Rudolph trial remains in Birmingham
No decision on final trial date
HUNTSVILLE, Alabama (CNN) -- The trial of accused bomber Eric Robert Rudolph will remain in Birmingham under a compromise agreement reached Tuesday by defense and prosecuting attorneys.
The jury pool, however, will be drawn from the entire Northern District of Alabama, a judge decided.
Normally, jury pools are drawn from the immediate three surrounding counties. The Northern District of Alabama encompasses 31 counties.
U.S. District Court Judge Lynwood Smith accepted the agreement after asking Rudolph -- accused of bombing a Birmingham women's clinic in 1998 -- if he agreed.
"Yes, your honor," Rudolph replied.
The judge said he did not find the extensive publicity on the case prejudicial in light of the years that have passed since the crime took place.
Smith said he anticipates a jury pool of more than 500 people from the 31 counties in the Northern District from which to select a jury.
Smith urged the attorneys to come to an agreement on a juror questionnaire and did not set a new trial date, but said he would do so soon.
Rudolph's trial earlier had been scheduled to begin on August 2.
The defense wants the trial delayed until June 2005 because it says it needs more time to review evidence. Prosecutors strongly oppose the delay.
Rudolph arrived at the Huntsville federal courthouse Tuesday morning under tight security. He is charged with the bombing of the New Woman All Women Clinic in Birmingham on January 29, 1998.
An off-duty police officer working as a security guard at the clinic -- where abortions are performed -- was killed by the blast and a nurse was maimed.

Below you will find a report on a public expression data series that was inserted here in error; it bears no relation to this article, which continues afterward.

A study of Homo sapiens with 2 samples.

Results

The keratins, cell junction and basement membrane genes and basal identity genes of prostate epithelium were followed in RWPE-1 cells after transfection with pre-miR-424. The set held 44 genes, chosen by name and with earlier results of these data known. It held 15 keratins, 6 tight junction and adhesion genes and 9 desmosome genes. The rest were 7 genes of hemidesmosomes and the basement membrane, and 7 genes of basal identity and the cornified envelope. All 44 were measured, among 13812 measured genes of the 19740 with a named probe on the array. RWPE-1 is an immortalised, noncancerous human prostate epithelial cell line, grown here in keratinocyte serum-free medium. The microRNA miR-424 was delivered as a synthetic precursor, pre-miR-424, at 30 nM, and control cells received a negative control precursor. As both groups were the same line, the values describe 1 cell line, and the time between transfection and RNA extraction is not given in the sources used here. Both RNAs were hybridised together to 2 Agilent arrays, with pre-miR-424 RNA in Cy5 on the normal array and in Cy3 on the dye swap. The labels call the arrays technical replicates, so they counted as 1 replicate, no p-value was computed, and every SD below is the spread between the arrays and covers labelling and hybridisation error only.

After a manhunt lasting more than five years, Rudolph was caught May 31, 2003, in Murphy, North Carolina.
Rudolph also faces charges connected with a string of bombings in Atlanta, Georgia, including the blast at Centennial Olympic Park during the 1996 Olympics that killed one woman and injured more than 100 others.
Rudolph's defense had argued in a change-of-venue motion that overwhelming "sensationalistic and biased" media coverage has made finding a fair and impartial jury impossible in Birmingham or the surrounding Northern District of Alabama.
The defense was expected to present at Tuesday's hearing the results of its polling in the district, which found that with only minor prompting, 97 percent of those questioned were aware of the case and 65 percent said Rudolph was either definitely or probably guilty.
Among those who believed the death penalty was an appropriate punishment in a murder case, "Seventy-eight percent felt that the death penalty was a more appropriate punishment for Mr. Rudolph than life without the possibility of parole," according to the defense motion.
Federal prosecutors have said the polling was "rife with inherent and fundamental methodological flaws."